When strict guidelines are followed, could spearfishing be the most sustainable way to eat fish? Here, Dr Adam Smith, who has published research on the issue, shares some well-balanced insights on why he chooses to spearfish for his seafood.
LET ME TAKE YOU on my last perfect freedive. I am about 100 metres from the reef edge, in about 20 metres of water and I am floating on the surface looking at colourful coral reefs and abundant baitfish. The visibility underwater is approximately 30 metres, there is a slight current and the temperature is a comfortable 26 degrees Celsius.
There are several pelagic predators chasing the dense schools of blue and yellow baitfish. I know I am in the right location to potentially see a nice fish. My hunting technique is to be relaxed, scan the depths and occasionally dive to midwater (about 10 metres), then hold my position and breath and wait for a curious pelagic fish to investigate me. It may take 10 minutes or three hours of waiting for the desired fish to be in my vicinity. I am startled to see a school of three medium-sized mackerel.
They are moving quickly. I relax, dive silently, avoiding eye contact that may scare them, and wait…I hold my breath.
They circle closer.
I know I must continue to wait until I can be sure. Experience says it is right. I line up my speargun on the closest fish. It is a nice one of about 1.2 metres in length and weighs perhaps 12 kilos. It is when it’s about two-and-a-half metres away, I fire.
It is a lethal shot and the fish quivers and stops. A reef shark rushes over to investigate, but turns away. I quickly bring my catch to the surface. I admire the fish’s colour and form as I dispatch it and bleed it with my knife. I call the boat over to put my fish on ice. It will be very fresh sashimi tonight, with not a part of this incredible animal wasted.
While many divers continue to eat seafood, spearfishing is still regarded by the majority of the diving community as highly controversial. However, as far as methods of catching fish go, research suggests it may be the most sustainable way of harvesting, and consuming, fish.
Scientific research supports the view that spearfishers catch a very small proportion of fish – less than one percent (Australia) to 20 percent (Hawaii) compared to recreational and commercial fishers.
Spearfishers generally target larger edible fish as well as lobsters and octopus. Larger predators are favoured targets of some spearfishers (tuna, mackerel, grouper) although in some areas of the Pacific these species are not targeted because of risk of ciguatera (poisoning as a result of eating toxic flesh) and the favoured targets are herbivorous fish. In some countries, parrotfish is a popular species to target at night because they tend to sleep in areas where they are easy to locate and approach. But targeting these species under these conditions is where spearfishing becomes less sustainable, and attracts a lot of criticism.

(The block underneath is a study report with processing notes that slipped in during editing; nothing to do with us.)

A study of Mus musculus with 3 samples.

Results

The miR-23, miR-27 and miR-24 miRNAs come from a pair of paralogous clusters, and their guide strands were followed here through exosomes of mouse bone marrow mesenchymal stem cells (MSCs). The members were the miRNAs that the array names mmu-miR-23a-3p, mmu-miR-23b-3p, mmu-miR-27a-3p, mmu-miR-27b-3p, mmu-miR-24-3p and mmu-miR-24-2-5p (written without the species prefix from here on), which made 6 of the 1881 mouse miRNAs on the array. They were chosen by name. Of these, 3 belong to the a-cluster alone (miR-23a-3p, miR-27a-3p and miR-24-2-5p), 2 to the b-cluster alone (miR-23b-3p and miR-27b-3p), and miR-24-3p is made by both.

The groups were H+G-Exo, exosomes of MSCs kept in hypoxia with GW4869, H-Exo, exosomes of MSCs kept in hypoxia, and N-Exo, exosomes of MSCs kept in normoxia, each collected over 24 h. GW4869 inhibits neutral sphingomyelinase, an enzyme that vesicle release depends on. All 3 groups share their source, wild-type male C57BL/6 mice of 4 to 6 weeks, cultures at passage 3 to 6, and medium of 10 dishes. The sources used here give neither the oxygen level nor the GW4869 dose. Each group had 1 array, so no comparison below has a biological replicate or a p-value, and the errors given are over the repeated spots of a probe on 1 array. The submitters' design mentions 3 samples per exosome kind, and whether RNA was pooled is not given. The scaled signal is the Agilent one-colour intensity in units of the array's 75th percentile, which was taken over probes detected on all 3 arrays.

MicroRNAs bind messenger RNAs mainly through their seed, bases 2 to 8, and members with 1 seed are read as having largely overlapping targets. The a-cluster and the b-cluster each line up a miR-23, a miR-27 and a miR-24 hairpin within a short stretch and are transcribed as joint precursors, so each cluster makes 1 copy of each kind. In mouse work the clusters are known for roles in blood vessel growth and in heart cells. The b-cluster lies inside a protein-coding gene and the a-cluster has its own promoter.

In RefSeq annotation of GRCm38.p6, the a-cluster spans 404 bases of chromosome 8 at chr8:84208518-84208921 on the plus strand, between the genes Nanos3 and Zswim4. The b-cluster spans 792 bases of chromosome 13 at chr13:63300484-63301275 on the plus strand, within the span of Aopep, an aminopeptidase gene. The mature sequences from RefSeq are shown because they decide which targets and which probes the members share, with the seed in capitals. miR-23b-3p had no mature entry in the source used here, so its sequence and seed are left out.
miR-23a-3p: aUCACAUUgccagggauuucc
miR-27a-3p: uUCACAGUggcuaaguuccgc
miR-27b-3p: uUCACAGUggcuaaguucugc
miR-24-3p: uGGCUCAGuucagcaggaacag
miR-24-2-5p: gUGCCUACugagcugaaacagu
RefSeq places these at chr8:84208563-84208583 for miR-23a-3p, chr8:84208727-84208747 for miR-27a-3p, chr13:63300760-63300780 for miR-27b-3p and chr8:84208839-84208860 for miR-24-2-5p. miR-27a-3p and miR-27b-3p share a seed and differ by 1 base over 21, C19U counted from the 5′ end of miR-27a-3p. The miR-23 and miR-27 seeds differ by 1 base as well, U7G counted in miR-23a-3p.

Spearfishing, like other forms of fishing, can have rapid and substantial negative effects on target fish populations. Overall, spearfishing is “efficient”, allowing divers to remove larger fish and more biomass per outing than fishers using other recreational techniques such as line fishing.
For example, three years after spearfishing was first allowed in a small marine park in Australia, there was a 54 percent reduction in density and a 27 percent reduction in mean size of coral grouper (Plectropomus spp).
Spearfishing is known to alter fish behaviour, and target fish species within areas that are regularly hunted with spearguns have been shown to exhibit avoidance behaviour when approached by spearfishers.
In my view there are eight common issues of concern raised by the community about spearfishing. These issues differ between geographical locations and individuals:
1. Sustainability: The catch is, or is not, ecologically sustainable (for more information see the infographic on page 23)
2. Safety: Breath-hold diving, and sharks attracted to dying fish and fish blood in the water, make the sport dangerous.
3. Impact on other ocean users: Spearfishers capture or scare fish that are valued by others, including scuba divers and line fishers. In many places, spearfishers may also be competing with people whose livelihoods depend on the fish that foreign/tourist spearfishers may be extracting.
4. Sport: It is wrong to catch fish just for sport. All fish should be eaten.
5. Day vs night: It is wrong to spearfish at night when the fish are sleeping.
6. Snorkel verses scuba: It is unfair to take fish while on scuba.
7. Reef vs pelagic: It is preferable to target pelagic fish rather than reef fish.
8. Conservation: Spearfishers support multiple-use marine parks and conservationists support no-take marine areas.